Bitcoin currency value
Bitcoin’s rise back above the $1, 000 mark for the first time in three years, amid continuing global economic uncertainty, signposts its emerging niche as a long-term store of value – with other blockchain platforms emerging to provide facilities as transactional currencies.
Markets move in cycles and it is not surprising that, three years after the speculative bubble at the end of 2013, bitcoin is enjoying a resurgence of interest. The virtual currency has been declared dead by experts and the mainstream media more times than it’s worth counting, but it appears to be stubbornly resistant to demise.
This time around, bitcoin’s move above $1, 000 takes place in very different circumstances. The bitcoin and wider blockchain ecosystem is significantly more mature, with multiple large exchanges rather than one huge, poorly-run and insecure exchange (the ill-fated MtGox) providing a hub for trading and a catastrophic single point of failure. Awareness is far greater, liquidity is higher. The rise in price has been rapid (and somewhat choppy, to say the least) but does not, at the time of writing, have the character of a bubble – that irrational exuberance that sees a period of multiple double-digit daily increases, culminating with a final sharp spike upwards and an inevitable and brutal crash.
The global economic picture
Moreover, there are reasons for bitcoin’s rise beyond mere speculative interest. Like the bitcoin ecosystem, the global economic crisis has also matured over the past three years. We now have a better picture of the problems facing us – and how bitcoin fits into that.
China has always been a big player in the bitcoin space, accounting for around 70 percent of bitcoin mining (the process by which new bitcoins are created, and transactions on the bitcoin network approved) and up to 90 percent of trading. The Chinese government’s move to devalue the Yuan to make its state-run economy more competitive, and the strengthening US dollar, have made bitcoin even more interesting to Chinese speculators. Moreover, bitcoin has become a popular and proven means of circumventing the capital controls imposed by the authorities. If you want to move money out of China, there are various options – and bitcoin is one of them. No wonder it has seen increased demand as wealthy Chinese seek to store value in assets and currencies other than Yuan.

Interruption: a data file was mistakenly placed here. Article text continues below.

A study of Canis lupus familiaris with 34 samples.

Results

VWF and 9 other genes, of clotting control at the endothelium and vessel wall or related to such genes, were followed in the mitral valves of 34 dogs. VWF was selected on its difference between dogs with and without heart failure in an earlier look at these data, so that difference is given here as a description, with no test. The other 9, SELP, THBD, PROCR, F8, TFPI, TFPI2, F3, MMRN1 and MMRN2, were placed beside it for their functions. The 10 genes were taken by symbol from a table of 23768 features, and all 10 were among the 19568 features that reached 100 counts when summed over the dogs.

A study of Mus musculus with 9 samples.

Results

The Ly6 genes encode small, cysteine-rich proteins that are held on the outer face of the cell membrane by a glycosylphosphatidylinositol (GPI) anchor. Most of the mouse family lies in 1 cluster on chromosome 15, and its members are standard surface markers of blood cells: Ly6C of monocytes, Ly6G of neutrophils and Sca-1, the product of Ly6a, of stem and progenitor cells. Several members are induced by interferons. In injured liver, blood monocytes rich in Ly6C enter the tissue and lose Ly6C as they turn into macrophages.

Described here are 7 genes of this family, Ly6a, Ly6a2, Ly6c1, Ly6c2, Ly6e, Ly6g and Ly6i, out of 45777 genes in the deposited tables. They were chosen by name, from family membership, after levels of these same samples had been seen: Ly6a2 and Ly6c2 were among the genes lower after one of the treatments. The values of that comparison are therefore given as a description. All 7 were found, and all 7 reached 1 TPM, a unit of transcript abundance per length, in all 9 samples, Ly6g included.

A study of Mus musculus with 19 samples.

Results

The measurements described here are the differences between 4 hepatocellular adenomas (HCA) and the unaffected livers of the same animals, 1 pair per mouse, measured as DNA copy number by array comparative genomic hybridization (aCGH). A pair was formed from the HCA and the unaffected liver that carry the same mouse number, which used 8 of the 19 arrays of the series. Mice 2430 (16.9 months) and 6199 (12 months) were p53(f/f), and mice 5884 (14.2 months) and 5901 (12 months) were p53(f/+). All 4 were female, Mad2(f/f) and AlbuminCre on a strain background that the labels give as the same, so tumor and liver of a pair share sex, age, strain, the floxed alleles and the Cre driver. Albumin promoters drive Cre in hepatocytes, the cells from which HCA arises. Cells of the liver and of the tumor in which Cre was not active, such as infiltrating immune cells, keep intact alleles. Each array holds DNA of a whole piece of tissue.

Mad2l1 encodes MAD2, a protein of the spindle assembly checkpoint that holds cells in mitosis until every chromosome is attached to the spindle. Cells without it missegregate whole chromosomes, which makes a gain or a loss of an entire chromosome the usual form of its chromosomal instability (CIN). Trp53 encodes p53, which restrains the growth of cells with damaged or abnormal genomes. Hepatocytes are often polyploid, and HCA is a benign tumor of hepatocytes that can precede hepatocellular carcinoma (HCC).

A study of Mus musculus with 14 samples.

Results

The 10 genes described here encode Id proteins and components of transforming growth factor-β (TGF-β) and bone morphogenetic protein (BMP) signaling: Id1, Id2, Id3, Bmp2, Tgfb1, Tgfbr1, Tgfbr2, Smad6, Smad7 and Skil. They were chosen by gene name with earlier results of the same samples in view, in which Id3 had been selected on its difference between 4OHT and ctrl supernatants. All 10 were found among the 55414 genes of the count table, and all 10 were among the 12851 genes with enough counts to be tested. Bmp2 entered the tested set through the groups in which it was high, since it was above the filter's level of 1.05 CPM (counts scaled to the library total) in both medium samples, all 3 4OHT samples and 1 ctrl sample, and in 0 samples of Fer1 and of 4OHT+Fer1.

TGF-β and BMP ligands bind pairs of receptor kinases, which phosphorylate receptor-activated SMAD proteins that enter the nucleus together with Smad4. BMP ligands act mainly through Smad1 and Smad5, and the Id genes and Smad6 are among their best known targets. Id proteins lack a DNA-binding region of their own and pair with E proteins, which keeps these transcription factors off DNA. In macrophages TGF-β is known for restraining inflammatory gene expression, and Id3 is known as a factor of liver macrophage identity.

China also forms a large piece of the global economic puzzle. What happens in the next year will shape the rest of the world. How much further their economy will slow; the problems of China’s vast and opaque shadow banking sector; their interaction with the US and the Trump presidency, which is notably more hostile towards Chinese imports and labour than the previous administration; what they do with their very significant dollar reserves in response – all of these have yet to be answered. Later this year will see the 19th National Congress of the Communist Party of China, at which new leadership will be elected, including five out of the seven members of the Politburo Standing Committee – the highest decision-making body in the country. This is closely watched due to the significant scope for uncertainty and its economic impacts as potential candidates jockey for power.
Bitcoin offers something here for the scared Chinese middle classes. In fact, any form of uncertainty increasingly favors bitcoin as a ‘safe haven’ asset, either as a means of moving money across borders, or as a means of protecting it from bail-ins and erosion by inflation. Bitcoin has not previously proven a good store of value, but with growing market cap and awareness, volatility is far lower than it was. On the long-term timescale, it has posted attractive gains, where the Yuan has only slid one way.